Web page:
Forecasts predict 100% chance of being awesome.
Flint Lockwood (Bill Hader) is the well-meaning mad scientist in 2009’s Cloudy with a Chance of Meatballs (streaming now on Peacock). When the sardine-based economy of Flint’s home island is threatened, he invents a machine – the Flint Lockwood Diatonic Super Mutating Dynamic Food Replicator, FLDSMDFR for short – which transforms water into food. When the machine accidentally launches itself into the air, meatballs and all manner of other foods start to fall from the sky like fast food manna from heaven.
While there aren’t any tasty flying snacks on offer, scientists are curious about a rare and poorly understood kind of cloud which forms high in the atmosphere over the north and south poles only during the late spring and summer months. Understanding how these clouds form, how they evolve, and the impact they might have on the wider ecosystem is increasingly important as we continue to manipulate our ecosystem. And the best way for scientists to figure that out was to create one of these rare clouds themselves.
NASA’s Super Soaker Cloud Making Mission
The clouds in question are known as polar mesospheric clouds (PMCs). They exist at altitudes between 82 and 85 kilometers (51 and 53 miles) up, are small, wispy, and difficult to see. Astronauts orbiting aboard the International Space Station get a unique view to these high-flying clouds but observers on the ground can best see them during twilight. When the sky is dark, but the Sun still illuminates the fringes of the atmosphere, these polar clouds can become lit in stunning detail.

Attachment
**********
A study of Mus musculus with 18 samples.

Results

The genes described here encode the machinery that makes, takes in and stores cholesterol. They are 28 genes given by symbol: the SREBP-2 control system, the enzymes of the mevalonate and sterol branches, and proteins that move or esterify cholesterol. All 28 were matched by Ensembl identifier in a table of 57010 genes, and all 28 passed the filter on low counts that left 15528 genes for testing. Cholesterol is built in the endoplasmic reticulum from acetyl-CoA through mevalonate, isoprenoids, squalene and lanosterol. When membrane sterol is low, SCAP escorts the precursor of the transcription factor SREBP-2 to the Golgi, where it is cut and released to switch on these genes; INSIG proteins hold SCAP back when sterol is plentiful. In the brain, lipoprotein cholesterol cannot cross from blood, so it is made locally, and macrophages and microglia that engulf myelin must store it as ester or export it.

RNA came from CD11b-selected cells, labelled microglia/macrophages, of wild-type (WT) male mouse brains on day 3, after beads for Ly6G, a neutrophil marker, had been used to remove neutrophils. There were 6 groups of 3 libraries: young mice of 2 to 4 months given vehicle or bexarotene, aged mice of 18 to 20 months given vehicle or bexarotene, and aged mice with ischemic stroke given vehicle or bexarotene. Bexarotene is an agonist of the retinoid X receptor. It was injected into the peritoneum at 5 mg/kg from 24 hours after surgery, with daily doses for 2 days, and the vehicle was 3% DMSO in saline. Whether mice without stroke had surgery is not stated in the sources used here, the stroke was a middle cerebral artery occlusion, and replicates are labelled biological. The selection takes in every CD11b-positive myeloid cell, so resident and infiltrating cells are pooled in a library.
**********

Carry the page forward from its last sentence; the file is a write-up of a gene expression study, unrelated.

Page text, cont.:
PMCs form naturally only during certain parts of the year when temperature and humidity are in the right range to form high-altitude ice crystals. Scientists have also seen them forming in the wake of rocket launches as water vapor – a byproduct of spent rocket fuel – gets dumped into the upper atmosphere. As humanity’s space-based activities continue to ramp up, understanding the origin and impact of PMCs could be increasingly important.
“What has attracted a lot of interest in these clouds is their sensitivity – they’re occurring just on the edge of viability in the upper atmosphere, where it’s incredibly dry and incredibly cold. They’re a very sensitive indicator of changes in the upper atmosphere – changes in temperature and/or changes in water vapor," said Richard Collins, lead author of the paper, in a statement.
The experiment, published in the Journal of Geophysical Research, was a product of NASA’s fantastically named Super Soaker mission, which launched from NASA’s Poker Flat research range in Fairbanks, Alaska on the morning of January 26, 2018. Once it reached an altitude of 85 kilometers, scientists detonated an explosive canister holding 220 kilograms (485 pounds) of pure water.
Using LiDAR measurements from the ground, researchers confirmed the production of a PMC within 18 seconds of detonation. The cloud peaked at about 92 kilometers up and descended to an altitude of 78 kilometers over the next three minutes. Along the way it facilitated a rapid temperature drop of the surrounding atmosphere, on the order of 25 degrees Celsius (45 Fahrenheit).
Today, water in the mesosphere exists within a balanced cycle. Water vapor forms into ice crystals forming PMCs which more readily absorb heat, causing them to sublimate back into vapor. Then the vapor cools and forms clouds again when the conditions are right. The clouds lower the temperature, then absorb heat and bring it back up, then form into clouds again and the cycle continues. If, however, we started to launch a lot more often and increased the water vapor budget in the mesosphere, it’s not totally clear what might happen. Which means we might need to toss a few more water balloons at the sky to figure it out. As long as no one gets buried in a giant cheeseburger falling at terminal velocity, everything should be alright.
Catch Cloudy with a Chance of Meatballs streaming now on Peacock.